Exquisitely detailed backdrops making My Fair Lady boom & bloom
Imagine making something like this seamless city map of London so big and beautiful with attention to details so intricate that every street name could be read.
Celebrated set and costume designer for theatre and opera Gary McCann has been incorporating printed elements and drops in his designs for ten years, explaining that the role of the scenographer has evolved. The instances when every centimeter of anything on stage is handmade throughout, is still marvelous, but the possibilities for a modern scenographer embracing new technology are also endless. And often, time is a constraint. Digital is possible without compromising the need for perfection in tone and depth of color.
No detail is too small when making it big.
Creativity with no boundaries
McCann often finds himself working on up to ten productions at the same time. He explains that being able to execute some of these without the need to travel minimizes the amount of time he needs to spend on each. On occasion he works on a timeline that has him designing a scenery and seeing it installed in the theatre – all within three weeks. In projects like these, when timing is crucial and deadlines short, his whole process might be altogether digital.
“My design process has been revolutionized, all through 3D digital modeling and photoshop, so having the option to keep the creation of the design digital throughout means that use of print technology is consistent. It’s logical to use print to execute the design when it’s been an entirely digital process. With Big Image I know I will get what I want, I know it can happen in a compressed time frame and with no need of traveling.”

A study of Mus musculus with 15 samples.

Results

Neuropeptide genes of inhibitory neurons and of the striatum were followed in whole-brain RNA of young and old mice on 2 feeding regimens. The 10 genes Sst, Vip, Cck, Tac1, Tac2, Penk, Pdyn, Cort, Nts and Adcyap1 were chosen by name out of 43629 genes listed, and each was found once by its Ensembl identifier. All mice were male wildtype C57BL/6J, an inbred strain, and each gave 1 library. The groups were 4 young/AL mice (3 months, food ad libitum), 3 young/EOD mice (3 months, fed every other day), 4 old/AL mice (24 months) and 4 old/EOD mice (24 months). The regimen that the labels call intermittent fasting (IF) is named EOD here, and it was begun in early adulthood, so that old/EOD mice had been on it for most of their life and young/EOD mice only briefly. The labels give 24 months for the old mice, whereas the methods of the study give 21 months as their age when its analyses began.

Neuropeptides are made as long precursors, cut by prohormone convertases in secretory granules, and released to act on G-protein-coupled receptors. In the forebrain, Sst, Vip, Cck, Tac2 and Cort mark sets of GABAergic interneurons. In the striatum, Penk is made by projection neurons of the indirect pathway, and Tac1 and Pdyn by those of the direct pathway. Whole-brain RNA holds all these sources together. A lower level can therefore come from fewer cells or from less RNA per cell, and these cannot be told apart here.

Perfection visible in even the tiniest detail
For Teatro di San Carlo’s production of My Fair Lady, McCann had found an extraordinarily detailed map of London that was printed in full size (18 metres by 10 metres) the resolution was detailed to the point where one could read the name of any street. For a scenic artist, the process of creating this would take three years.
“There are no limitations as to what I can design, I can create something that’s covered in some sort of 1960s optical art, with tiny little squares all waving around in a swirl, and you print that in a day whereas a scenic artist would go crazy with a design like that. Printing means the artwork can be anything. Anything you can create digitally can be reproduced. Today the world is my oyster and I consider Big Image part of my team.”
To learn more about our work with set designers for theatre and opera, or how we can help take your idea from imagination to installation – get in touch!